6 Steps to Help Your Child Deal With Difficult Situations

difficult Two weeks ago, my older daughter was blindsided by a decision that adults had made. That decision affected a really big part of her life in a really big way. It caused a lot of hurt and frustration for my daughter that we are still dealing with. It forced my daughter to accept a new direction for reasons she didn't understand. It's been hard, and it's been the cause of a lot of tears.

One of the most difficult parts of being a parent is helping our kids deal with things that happen that our kids had no part in. When you're a kid there are so many other people in your life who can make decisions that will affect your life. Often, our kids don't get a say in those decisions.

And explaining those decisions to our kids can be difficult, especially when we might not agree with them entirely ourselves. But that's our job.

It's our job as parents to help our kids navigate through things that may seem unfair or downright mean. It's our job to help our kids see that while that decision may not seem like the best one at the time, God can use it for good. He can take those circumstances that seem so crummy and create something beautiful out of them.

Since we've been dealing with this exact issue for the past few weeks, I wanted to share the steps we've taken to keep our daughter focused on moving forward and not getting stuck in the unfairness of the situation.

1. Let your kids vent their feelings.

When something unfair or unwanted happens to our kids, it can be easy to shove their feelings aside. There's nothing you can do to change the situation, so why dwell on it, right? But our kids need to be able to express how the situation makes them feel. We shouldn't expect them to suddenly be happy with a situation that they didn't create. Our kids need time to process through the situation, and that requires that they have an outlet for their feelings. Be the person they can talk to. Let them know that their feelings are valid. Give them a reasonable amount of time to vent and cry if they need to.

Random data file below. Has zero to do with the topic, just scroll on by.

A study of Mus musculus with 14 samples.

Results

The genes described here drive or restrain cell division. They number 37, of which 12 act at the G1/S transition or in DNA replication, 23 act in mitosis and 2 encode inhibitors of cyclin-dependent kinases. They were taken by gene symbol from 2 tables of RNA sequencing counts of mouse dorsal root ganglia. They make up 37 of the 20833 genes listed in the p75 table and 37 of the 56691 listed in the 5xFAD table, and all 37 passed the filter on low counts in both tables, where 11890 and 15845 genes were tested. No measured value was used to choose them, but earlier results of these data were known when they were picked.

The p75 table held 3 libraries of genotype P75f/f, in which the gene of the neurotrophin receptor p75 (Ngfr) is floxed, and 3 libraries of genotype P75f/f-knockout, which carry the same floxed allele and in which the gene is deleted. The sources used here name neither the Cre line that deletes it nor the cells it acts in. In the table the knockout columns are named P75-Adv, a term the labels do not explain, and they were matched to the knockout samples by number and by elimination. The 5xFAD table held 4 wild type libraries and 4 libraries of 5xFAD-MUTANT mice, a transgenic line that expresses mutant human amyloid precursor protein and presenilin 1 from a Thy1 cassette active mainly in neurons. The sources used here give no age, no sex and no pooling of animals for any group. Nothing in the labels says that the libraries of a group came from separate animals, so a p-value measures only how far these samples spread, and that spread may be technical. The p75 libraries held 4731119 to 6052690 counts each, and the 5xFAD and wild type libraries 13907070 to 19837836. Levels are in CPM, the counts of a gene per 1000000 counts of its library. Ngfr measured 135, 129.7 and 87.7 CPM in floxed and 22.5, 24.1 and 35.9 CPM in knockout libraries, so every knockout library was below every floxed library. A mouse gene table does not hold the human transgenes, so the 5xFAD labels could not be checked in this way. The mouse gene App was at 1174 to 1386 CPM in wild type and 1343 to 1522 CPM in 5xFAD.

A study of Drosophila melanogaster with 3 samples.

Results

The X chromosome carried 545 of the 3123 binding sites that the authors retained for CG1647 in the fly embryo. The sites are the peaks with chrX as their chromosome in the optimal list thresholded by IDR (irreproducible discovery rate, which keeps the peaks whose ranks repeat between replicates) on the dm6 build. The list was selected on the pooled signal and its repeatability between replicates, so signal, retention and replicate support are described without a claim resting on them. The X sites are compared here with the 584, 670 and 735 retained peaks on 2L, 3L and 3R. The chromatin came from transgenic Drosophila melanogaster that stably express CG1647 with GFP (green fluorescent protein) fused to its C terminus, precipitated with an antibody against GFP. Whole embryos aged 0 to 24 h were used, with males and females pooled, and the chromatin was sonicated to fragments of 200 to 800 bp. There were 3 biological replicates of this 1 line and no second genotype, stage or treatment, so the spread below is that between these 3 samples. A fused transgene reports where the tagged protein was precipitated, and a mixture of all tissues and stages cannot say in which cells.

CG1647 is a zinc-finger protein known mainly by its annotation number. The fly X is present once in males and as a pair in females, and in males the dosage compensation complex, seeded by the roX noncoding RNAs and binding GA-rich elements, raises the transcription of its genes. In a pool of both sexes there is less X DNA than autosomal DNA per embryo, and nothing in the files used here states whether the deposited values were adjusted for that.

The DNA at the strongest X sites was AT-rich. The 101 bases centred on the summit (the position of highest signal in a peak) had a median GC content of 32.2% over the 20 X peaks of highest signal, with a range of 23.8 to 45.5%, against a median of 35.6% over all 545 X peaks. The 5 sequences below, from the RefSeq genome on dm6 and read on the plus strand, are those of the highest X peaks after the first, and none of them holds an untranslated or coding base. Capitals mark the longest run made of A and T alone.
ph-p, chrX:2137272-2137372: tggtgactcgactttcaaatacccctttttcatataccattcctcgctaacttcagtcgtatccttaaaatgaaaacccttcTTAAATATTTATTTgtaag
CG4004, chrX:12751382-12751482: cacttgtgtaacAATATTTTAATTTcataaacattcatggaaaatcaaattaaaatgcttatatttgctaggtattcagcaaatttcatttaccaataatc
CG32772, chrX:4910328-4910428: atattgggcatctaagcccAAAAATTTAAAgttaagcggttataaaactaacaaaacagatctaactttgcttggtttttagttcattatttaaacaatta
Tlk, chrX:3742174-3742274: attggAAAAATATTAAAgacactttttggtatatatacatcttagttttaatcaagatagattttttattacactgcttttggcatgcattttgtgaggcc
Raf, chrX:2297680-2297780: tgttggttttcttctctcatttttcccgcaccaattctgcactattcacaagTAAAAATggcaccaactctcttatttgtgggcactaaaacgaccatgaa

2. Be honest about the situation.

If your kids have questions about what led to the decision that has made them so unhappy or frustrated, answer them honestly. Don't be judgmental, but let your kids know the sequence of events that led to the situation. Try to be objective about those events, even if it's hard. The decision has affected your child's life. They have a right to know the age-appropriate explanation of what happened.

3. Point out the steps that need to be taken to move forward.

Your child needs to know that while the situation may seem crummy at the moment, they do still need to keep putting one foot in front of the other. They need to know that they have to move forward. Help your child decide on what steps they need to take to make the best of the situation. They may need to talk to someone else. They may need to adjust their own thinking. They may simply need to be encouraged to give the new situation a chance.

4. Remind your child that adjusting to change takes time.

While God has a plan in mind that will use this situation for good, it may not happen overnight. It may take a while before your child can see how God is using the situation for good. Remind your child to be patient and to look for the bright spots along the way.

5. Be your child's biggest champion.

If there's something you can do to make the situation easier for your child, do it. There are moments when we need to step back and let our kids navigate their own way, but when a situation arises that our kids didn't create, it's OK for us to step in and be an advocate for our kids. When our kids are simply trying to process through a difficult situation, they may need our help to find their way. And that's OK. That's why they have us.

6. Keep an eye out for the good.

God promises that He works all things together for good for those who love Him (Romans 8:28). That means that no matter how difficult the situation, there will be a light at the end of the tunnel. Keep your eyes peeled for that light and point it out to your kids when you see it. Remind your kids that God isn't going to leave them stuck in the difficult times forever. Good is coming. We just have to be looking for it.

Difficult situations aren't fun for our kids, and they're not fun for us. There's nothing worse as a parent than to see your child hurting. But God gave our kids parents to help them find Him even in the difficult times. We just have to keep our eyes on Him and wait for Him to work things out for good.